Seroconversion in liver and intestine transplant patients after one, two or three doses of adenoviral vector vaccines against SARS-CoV-2. Single center experience in Argentina
Silvina Yantorno2, Virginia Gentilini2, Renata Curciarello1, Gaston Rizzo1, Malena Ferreyra Compagnucci1, Lorena Tau3, Laura Delaplace3, Victoria Atencio2, Valeria Descalzi2, Gabriel Gondolesi2, Guillermo Docena1, Martin Rumbo1.
1Instituto de Estudios Inmunológicos y Fisiopatológicos, Universidad Nacional de La Plata, La Plata, Argentina; 2Hospital Universitario Fundación Favaloro. Instituto de Medicina Traslacional, Trasplante y Bioin, Fundacion Favaloro, Buenos Aires, Argentina; 3Laboratorio de Salud Publica, Universidad Nacional de La Plata, La Plata, Argentina
Introduction: The capacity of different anti-SARS-CoV-2 vaccines to elicit immune response is not equivalent in the healthy population compared to chronically immunosuppressed patients. Most of the reports available so far to assess the effects of anti-SARS-CoV-2 vaccines on solid organ transplant recipients (SOTR) were performed using mRNA-based vaccines. The majority of the vaccines used so far in our country are adenovirus-vector vaccines (Sputnik V and Covishield/AstraZeneca-Oxford). Goal: to assess the seroconversion after vaccination with the non-replicative vector-based vaccines after transplantation.
Methods: Seventy-nine patients of liver transplant (79), combined liver-intestine transplant (1) or intestinal/multivisceral transplant (4) receiving their first vaccine dose between March and June 2021 were included, mean age of was 55,6 years old (range 18-75,9; 71% males). All patients have a post-transplant follow up longer than 1 year (median 6 years, range 1-25 years). Samples after second and third doses were also analyzed, in all cases obtained at least three weeks after last vaccination. Patients serological status was evaluated using three different anti-S commercial ELISA kits and an in-house made anti-N ELISA. Patients with previous PCR-confirmed COVID19 were excluded.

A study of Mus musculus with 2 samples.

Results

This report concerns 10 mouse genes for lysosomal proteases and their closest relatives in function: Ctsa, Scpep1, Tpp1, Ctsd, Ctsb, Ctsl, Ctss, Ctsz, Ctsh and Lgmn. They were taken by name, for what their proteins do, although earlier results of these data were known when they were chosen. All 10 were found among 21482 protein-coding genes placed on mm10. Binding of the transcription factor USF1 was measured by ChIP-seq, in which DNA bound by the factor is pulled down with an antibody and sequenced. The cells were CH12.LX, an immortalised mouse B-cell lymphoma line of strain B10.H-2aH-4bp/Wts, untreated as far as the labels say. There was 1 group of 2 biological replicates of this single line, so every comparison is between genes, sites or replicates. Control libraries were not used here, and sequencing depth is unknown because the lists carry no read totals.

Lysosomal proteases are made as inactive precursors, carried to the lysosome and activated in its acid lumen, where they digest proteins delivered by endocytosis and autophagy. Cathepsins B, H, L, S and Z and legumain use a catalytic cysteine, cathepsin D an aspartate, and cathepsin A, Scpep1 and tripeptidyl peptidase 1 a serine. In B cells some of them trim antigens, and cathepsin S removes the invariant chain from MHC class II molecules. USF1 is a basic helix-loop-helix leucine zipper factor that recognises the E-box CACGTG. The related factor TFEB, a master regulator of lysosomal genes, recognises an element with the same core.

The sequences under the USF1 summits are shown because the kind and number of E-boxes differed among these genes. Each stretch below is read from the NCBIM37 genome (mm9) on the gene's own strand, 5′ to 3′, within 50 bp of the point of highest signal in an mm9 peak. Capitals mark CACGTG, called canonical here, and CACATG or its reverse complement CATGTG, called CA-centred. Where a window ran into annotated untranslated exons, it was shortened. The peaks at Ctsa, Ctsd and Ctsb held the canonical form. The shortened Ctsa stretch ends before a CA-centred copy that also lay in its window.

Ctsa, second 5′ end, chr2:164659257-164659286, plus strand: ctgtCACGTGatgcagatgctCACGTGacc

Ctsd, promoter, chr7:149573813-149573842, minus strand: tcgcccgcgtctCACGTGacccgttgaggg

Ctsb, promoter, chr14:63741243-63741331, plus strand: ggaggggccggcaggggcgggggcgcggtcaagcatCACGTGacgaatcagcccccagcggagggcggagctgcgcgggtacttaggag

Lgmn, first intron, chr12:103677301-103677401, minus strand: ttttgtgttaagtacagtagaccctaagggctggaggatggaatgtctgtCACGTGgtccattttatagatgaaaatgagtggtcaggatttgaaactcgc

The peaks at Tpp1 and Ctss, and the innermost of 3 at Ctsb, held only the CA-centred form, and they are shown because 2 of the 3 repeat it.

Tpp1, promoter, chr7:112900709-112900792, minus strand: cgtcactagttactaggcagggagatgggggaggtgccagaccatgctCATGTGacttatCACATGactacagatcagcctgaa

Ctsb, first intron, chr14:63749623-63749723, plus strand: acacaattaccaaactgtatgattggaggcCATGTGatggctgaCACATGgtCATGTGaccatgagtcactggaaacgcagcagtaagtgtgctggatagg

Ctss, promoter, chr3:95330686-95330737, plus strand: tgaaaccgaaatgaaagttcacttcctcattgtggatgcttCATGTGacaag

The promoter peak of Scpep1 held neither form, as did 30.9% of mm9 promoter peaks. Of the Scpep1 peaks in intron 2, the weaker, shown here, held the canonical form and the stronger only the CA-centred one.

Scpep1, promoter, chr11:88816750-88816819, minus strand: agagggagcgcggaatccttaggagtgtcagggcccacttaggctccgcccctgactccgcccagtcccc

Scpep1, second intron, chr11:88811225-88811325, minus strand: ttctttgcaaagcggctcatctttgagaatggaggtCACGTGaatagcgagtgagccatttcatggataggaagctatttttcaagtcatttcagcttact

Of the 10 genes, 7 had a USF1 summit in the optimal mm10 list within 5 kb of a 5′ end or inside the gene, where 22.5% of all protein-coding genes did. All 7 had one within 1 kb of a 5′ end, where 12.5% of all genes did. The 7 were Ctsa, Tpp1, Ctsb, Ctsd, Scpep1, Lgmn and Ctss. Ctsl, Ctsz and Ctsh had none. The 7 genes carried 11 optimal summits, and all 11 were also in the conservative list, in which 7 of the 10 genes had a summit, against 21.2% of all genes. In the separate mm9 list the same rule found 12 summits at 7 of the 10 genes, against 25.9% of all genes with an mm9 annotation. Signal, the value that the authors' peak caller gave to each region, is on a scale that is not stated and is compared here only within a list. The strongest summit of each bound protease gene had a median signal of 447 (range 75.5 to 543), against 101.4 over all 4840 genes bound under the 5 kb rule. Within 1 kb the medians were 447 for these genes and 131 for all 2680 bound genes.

Results: We found that 28,1% of patients (9 out of 32) seroconverted after a single dose of Sputnik V (8 out of 21) or Covishield (1 out of 11), whereas 18 out of 27 (66,7%) seroconverted after second dose of Sputnik V (7 out of 10) or Covishield (11 out of 17) and 12 out of 13 seroconverted after a third dose (92%), most of them have received two doses of Sputnik V and receiving Moderna, Pfizer or Covishield as third dose. There is a significant difference in the proportion of seroconversion between the groups that received one dose or two doses of vaccine (p<0.005, Chi square test) whereas the difference is not significant between groups receiving two and three doses (p=0.08, Chi square test). The comparison between responder’s and non-responders to the single dose vaccine showed no differences in either patient age, post-transplant time, days after vaccination, presence of comorbidities and maintenance immunosuppressive therapy.
Conclusion: Despite having a lower seroconversion rate compared to the general population, viral-vector vaccines benefit SOTR patients increasing the seroconversion rate using at least two doses of vaccine. These results support the concept of developing tailor-made vaccination guidelines for this specific population.